As Berkeley High students returned to school this week, they weren’t permitted to enter by the Allston Street door leading into the main office. Instead they were directed to a nearby gate.
“Visitors Entrance Only,” read the lettering on two new signs posted by the office. “Students Please Use the ‘A’ Gate.”
Five and a half months after two students discharged a gun in a portable bathroom, spooking students, parents, and administrators, change has come to Berkeley High. Access to the school now will be more closely monitored, school security officers will dress in uniform, there will be an increased police presence on campus, and students will be educated about the dangers of guns.
All of these items were part of the set of recommendations made in June by the Ad Hoc Safety Committee, a group of parents, teachers, and administrators that was given the task of determining how to improve safety in Berkeley schools. BUSD superintendent Bill Huyett appointed the group after six separate gun incidents in three months at Berkeley’s two high schools.
One of the main recommendations was to better control who was coming on and off the campus. This year, students will only be able to come onto campus by four doors. Visitors will be directed to go to the front office to sign in and get a visitors’ badge.
To get a handle on all the traffic – Berkeley High has more than 3,200 students and hundreds of teachers and administrators – the district hired four campus monitors to help out the school’s 12 safety officers. The campus monitors will sit by the entrances during the day to check IDs, prevent students from leaving while school is in session, and direct visitors around.
On Thursday morning, two hours after school started, Victor Trahan, whom the students call Coach T since he coaches the basketball team, was sitting on a chair by the “A” gate. As tardy students tried to enter the campus, he asked for their ID, or ID numbers, or waved them in if he recognized them. There was a walkie talkie nearby in case he had to connect with other monitors or one of the school’s 12 safety officers. In about a five-minute period he talked to three students.
Trahan was wearing a red fleece Berkeley High vest, but, in about a week, he will be wearing a new uniform. After the spate of gun incidents, the Berkeley Police Department recommended that school safety officers wear uniforms. It would give the safety officers more authority and let police officers arriving on any scene identify them easily, they said.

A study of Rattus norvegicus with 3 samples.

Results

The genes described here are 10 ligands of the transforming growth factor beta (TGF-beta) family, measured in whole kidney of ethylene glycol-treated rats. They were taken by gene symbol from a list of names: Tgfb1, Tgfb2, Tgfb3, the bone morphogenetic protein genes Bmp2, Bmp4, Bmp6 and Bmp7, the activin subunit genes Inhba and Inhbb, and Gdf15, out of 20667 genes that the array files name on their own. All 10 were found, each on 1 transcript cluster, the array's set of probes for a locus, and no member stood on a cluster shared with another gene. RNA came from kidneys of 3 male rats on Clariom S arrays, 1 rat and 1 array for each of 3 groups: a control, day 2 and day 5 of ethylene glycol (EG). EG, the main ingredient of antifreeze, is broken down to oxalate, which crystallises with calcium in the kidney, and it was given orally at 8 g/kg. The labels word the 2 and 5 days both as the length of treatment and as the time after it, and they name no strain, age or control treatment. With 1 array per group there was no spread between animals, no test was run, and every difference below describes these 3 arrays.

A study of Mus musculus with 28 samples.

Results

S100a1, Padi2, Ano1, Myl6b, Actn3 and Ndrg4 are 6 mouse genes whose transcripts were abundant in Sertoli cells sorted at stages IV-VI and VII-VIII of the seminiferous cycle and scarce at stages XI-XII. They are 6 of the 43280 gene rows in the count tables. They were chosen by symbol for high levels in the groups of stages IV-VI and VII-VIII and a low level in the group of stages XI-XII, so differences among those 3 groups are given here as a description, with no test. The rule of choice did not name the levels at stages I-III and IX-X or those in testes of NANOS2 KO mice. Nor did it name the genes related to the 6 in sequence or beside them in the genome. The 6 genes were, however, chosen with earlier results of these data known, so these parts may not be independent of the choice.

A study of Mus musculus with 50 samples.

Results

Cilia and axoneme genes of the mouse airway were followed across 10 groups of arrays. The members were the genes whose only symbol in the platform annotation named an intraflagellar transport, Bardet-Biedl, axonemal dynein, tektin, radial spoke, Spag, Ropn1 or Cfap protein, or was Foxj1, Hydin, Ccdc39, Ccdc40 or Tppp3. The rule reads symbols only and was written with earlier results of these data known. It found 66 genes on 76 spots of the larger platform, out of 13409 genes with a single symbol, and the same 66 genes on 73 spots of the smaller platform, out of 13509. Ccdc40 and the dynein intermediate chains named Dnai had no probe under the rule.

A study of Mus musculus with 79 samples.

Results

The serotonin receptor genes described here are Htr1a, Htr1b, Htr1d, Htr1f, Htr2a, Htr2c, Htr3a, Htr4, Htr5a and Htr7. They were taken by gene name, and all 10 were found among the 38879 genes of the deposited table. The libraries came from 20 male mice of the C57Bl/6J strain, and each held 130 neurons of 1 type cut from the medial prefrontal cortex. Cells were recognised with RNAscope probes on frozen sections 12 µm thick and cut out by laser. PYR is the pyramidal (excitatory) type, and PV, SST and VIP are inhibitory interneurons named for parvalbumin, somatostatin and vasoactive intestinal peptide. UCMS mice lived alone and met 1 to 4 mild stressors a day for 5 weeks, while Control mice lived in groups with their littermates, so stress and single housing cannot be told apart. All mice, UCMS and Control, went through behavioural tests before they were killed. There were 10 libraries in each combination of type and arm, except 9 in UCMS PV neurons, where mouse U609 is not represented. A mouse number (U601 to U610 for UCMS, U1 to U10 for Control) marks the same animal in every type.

The new uniforms have a large, round logo on the back of the garment with a picture of the high school. The front of each garment has the wearer’s name and the school they represent. Each safety officer will get a jacket, three polo shirts, and three long-sleeve shirts, according to Susan Craig, the director of student services.
The color of the uniforms will be different at each school, said Craig. The uniforms at B-Tech are brown and the ones at Berkeley High are either white or black. The campus monitors will wear maroon, she said. The middle schools will have other colors, including blue and green, she said.
The jackets cost about $100 each and were paid from the student safety discretionary fund, said Craig. The district worked with the unions this summer to come up with a design all could agree on.
The safety officers “wanted to be visible, yet approachable,” said Craig. “They didn’t want something that said ‘School Security’ so that students wouldn’t approach them.”
Another major change for this school year is that the school district will report all robberies to the police, Craig told school and city officials at a “2 x 2 meeting” of city and school officials on Thursday morning. Previously, the district did not report robberies unless weapons or a sexual assault was involved. The school’s safety officers dealt with assailants through OCI, the On-Campus Intervention program.
In May, Berkeleyside reported on Berkeley Police Chief Michael Meehan’s frustration at the fact that the school was not reporting robberies.
That policy infuriated many parents, who felt the school district sometimes downplayed serious crime on campus. School safety officers often would identify culprits but focus on working with them to get on a better path rather than punishing them. When parents whose kids had been robbed or roughed up complained, they were often ostracized, making the victims of crime feel like they were being blamed.
“I am very happy that they have promised to report robberies to the police,” said Ginny Roemer, whose son was robbed last year at Berkeley High. Roemer filed a formal complaint against the district about the way the school investigated the incident. She wanted to know if the assailants were dangerous, but the district would not investigate whether they had any criminal records.
Roemer later found out one of the assailants had a warrant out for his arrest for committing another violent crime and the other robbed a different Berkeley High student right outside the school. “It’s the police who are able to investigate. They have the resources. They have access to the criminal records of the students.”
Laura Menard, a frequent critic of what she believes is the district’s tendency to worry more about the perpetrators than the victims, and turn away from dealing with violent culture, said reporting all robberies is long overdue.
“It’s gratifying that it’s finally happening because for all these years the victims of school-based crimes have faced discrimination,” said Menard. “We would go in there to meet with officials and would be further abused. The district didn’t want to admit it was discriminating against victims of crime.”
Read here for a list of all the recommendations made by the Ad Hoc Safety Committee.